This is TALK OF THE NATION. I'm Neal Conan in Washington. The NIH superbug claimed its seventh victim last week, more than six months after specialists at one of the country's most prestigious hospitals thought they had the outbreak contained. The bug is called Klebsiella - I'll get it right - Klebsiella pneumoniae, or KPC for short, and most antibiotics can't kill it. It's one of several drug-resistant bacteria that many hospitals struggle to control. The best known is probably MRSA.
Demand for Apple's iPhone 5 is expected to be so big that one economist predicted sales could boost the U.S. economy 1/2 percent. And Apple's going to court to shut down what it sees as copycats. Slate columnist Farhad Manjoo talks about who's competing with Apple, and whether it's working.
This is TALK OF THE NATION. I'm Neal Conan in Washington. Anybody who watches police procedurals on TV knows the term AFIS. That stands for the FBI's Integrated Automated Fingerprint Identification System. And over the next couple of years, it's being updated, and we're going to have to get used to a new acronym, NGIS, the Next-Generation Identification System, which incorporates an improved fingerprint system and all kinds of other biometric data, from face recognition to iris scans.
Sidi Touré is a Songhai singer-songwriter from the city of Gao in northern Mali. Though he grew up in a royal family, he sings the blues elegantly and in his own native language; interestingly, Touré has said he'd never heard American blues music until after his first album was released.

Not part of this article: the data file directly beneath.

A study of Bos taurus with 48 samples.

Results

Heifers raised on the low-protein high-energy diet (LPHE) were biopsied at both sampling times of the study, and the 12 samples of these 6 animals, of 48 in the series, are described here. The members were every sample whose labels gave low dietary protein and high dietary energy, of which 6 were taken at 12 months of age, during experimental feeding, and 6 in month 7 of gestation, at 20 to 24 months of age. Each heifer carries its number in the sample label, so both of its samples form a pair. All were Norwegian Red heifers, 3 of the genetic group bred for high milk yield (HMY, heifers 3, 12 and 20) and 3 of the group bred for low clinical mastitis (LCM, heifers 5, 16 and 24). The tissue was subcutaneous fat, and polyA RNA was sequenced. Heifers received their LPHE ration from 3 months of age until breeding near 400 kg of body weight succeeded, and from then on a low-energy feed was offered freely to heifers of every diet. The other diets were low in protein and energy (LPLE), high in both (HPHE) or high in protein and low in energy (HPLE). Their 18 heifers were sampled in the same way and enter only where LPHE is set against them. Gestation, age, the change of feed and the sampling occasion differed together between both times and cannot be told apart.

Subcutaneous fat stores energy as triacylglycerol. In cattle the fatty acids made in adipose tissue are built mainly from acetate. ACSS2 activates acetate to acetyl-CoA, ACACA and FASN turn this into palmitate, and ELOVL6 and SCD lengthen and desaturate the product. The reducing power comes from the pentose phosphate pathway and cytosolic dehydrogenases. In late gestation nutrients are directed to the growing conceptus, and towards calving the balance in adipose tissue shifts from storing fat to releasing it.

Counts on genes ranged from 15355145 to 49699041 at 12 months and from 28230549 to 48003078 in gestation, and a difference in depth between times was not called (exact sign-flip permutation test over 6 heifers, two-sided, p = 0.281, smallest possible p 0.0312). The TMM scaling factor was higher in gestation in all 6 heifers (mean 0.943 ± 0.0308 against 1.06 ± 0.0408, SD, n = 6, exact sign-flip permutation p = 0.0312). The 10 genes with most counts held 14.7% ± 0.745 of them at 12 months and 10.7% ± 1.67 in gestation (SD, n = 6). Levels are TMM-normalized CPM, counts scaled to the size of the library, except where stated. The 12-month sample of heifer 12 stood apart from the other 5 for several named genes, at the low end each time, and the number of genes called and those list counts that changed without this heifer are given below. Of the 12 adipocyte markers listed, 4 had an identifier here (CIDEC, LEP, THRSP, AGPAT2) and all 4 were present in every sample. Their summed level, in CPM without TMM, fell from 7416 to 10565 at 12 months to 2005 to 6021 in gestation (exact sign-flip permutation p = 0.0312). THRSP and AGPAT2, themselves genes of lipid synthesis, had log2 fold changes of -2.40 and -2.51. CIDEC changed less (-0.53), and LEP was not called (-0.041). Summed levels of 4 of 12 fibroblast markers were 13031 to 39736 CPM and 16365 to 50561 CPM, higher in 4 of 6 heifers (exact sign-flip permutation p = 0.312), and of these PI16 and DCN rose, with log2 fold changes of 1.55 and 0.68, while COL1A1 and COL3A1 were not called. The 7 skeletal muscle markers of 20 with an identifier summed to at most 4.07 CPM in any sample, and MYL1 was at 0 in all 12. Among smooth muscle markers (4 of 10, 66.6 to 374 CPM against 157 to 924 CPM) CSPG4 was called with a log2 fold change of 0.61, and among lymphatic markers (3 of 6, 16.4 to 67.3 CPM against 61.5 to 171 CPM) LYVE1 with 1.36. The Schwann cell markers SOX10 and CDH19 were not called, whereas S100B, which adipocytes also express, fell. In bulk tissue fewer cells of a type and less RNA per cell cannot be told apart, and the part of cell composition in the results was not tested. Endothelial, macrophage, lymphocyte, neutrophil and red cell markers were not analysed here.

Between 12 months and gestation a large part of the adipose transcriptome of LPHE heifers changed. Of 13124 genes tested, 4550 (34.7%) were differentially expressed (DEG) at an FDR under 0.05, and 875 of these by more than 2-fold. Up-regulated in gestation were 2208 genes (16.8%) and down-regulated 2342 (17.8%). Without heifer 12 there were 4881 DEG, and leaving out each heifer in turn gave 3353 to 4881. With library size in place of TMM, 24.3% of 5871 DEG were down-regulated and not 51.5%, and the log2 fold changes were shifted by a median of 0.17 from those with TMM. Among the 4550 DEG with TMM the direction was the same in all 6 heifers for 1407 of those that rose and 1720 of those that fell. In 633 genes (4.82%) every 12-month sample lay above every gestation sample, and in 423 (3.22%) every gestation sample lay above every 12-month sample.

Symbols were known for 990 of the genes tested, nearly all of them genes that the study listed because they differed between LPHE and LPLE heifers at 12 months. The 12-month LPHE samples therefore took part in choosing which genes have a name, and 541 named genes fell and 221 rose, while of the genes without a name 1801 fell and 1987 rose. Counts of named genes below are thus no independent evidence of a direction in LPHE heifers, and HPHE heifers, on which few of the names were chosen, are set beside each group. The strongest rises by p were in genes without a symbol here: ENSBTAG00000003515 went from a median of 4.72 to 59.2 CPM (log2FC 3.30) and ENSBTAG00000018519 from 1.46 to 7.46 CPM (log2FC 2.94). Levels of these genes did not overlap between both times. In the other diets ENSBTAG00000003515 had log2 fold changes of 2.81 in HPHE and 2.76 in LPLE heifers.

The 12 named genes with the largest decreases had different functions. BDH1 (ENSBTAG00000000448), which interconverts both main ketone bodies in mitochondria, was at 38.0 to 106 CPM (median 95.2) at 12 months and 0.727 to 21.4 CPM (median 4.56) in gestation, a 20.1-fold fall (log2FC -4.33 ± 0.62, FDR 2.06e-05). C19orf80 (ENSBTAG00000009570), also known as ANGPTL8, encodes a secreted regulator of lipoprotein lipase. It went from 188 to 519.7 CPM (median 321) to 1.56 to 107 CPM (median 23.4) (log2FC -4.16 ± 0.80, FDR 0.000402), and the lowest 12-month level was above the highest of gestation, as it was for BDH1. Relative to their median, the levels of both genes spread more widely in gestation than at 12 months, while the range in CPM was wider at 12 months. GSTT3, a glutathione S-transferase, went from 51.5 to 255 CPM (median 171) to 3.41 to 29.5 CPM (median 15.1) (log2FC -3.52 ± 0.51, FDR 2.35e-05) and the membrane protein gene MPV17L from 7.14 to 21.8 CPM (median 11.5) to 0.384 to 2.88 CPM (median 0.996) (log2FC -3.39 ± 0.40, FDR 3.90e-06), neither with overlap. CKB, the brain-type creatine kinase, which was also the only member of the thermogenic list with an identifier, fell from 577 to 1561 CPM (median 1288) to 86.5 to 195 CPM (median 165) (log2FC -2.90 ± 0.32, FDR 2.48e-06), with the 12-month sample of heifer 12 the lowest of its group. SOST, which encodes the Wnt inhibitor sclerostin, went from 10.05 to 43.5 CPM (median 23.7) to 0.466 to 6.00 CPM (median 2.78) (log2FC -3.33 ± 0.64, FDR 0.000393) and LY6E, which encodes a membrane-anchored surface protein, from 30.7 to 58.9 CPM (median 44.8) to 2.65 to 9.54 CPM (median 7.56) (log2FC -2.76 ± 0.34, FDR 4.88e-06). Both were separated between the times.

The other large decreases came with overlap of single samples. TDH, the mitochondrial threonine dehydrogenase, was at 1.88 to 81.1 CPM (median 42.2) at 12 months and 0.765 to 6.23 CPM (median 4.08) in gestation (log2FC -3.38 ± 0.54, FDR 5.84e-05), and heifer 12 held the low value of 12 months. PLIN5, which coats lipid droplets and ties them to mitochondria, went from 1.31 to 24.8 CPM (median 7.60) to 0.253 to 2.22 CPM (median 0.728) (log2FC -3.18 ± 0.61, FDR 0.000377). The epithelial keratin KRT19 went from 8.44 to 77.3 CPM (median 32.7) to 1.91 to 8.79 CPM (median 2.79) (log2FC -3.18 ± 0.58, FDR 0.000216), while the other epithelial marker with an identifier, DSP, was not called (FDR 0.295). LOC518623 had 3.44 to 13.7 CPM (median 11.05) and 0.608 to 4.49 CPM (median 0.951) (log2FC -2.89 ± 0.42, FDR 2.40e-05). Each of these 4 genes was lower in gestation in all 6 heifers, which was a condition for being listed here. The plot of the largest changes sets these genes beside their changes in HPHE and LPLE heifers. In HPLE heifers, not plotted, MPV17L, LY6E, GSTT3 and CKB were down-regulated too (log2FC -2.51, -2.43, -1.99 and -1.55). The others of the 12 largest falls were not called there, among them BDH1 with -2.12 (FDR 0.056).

Mother Jones released the full video of Mitt Romney at a Florida fundraising event in May that included the clips they made public of Mitt Romney commenting on the "47 percent." NPR senior Washington editor Ron Elving talks about the tape and how it could affect the presidential campaign.
Originally published on Wed September 19, 2012 12:05 pm
By manyaccounts, Early Graves' Makh Daniels was a passionate, kind man, as well as a ferocious vocalist who lived for the road. That he died in a van accident a little more than two years ago while on tour with The Funeral Pyre is just a reminder that sometimes the best die young.
In the U.S., the pap smear has become a routine part of women's health care, and it's dramatically reduced cervical cancer deaths. But in Africa and other impoverished regions, few women get pap smears because the countries lack the laboratories and other resources necessary to offer them.
Originally published on Tue February 26, 2013 10:42 am
Singer-songwriter Elizabeth Cook makes her third appearance on Mountain Stage, recorded live on the campus of West Virginia University in Morgantown. Cook's first appearance on the show took place nearly 10 years ago, and since then her star has risen slowly and steadily.
Grizzly Bear spent much of the first half of the 90-minute show on the group's latest batch of songs. Later in the set, the band dug deeper into its catalog, featuring songs such as "Knife" and "On A Neck, On A Spit" from the 2006 breakout album Yellow House.
Toward the end of the set, Grizzly Bear treated fans to one of the group's most popular songs, "Two Weeks." Signer Droste tells NPR "it's just a simple reference to taking time off from all the stresses of life and trying to save up all those vacation days."
Originally published on Tue October 2, 2012 9:54 am
Grizzly Bear began in 2004 as a bedroom recording project for Massachusetts native Ed Droste. His early songs were mostly trippy, atmospheric and roughly sketched soundscapes, but by 2006, Grizzly Bear had evolved into a full band and released the slightly more polished album Yellow House. The group's 2009 breakthrough, Veckatimist, and the new Shields are both richly layered productions with gorgeous, soaring harmonies and artful melodies and rhythms.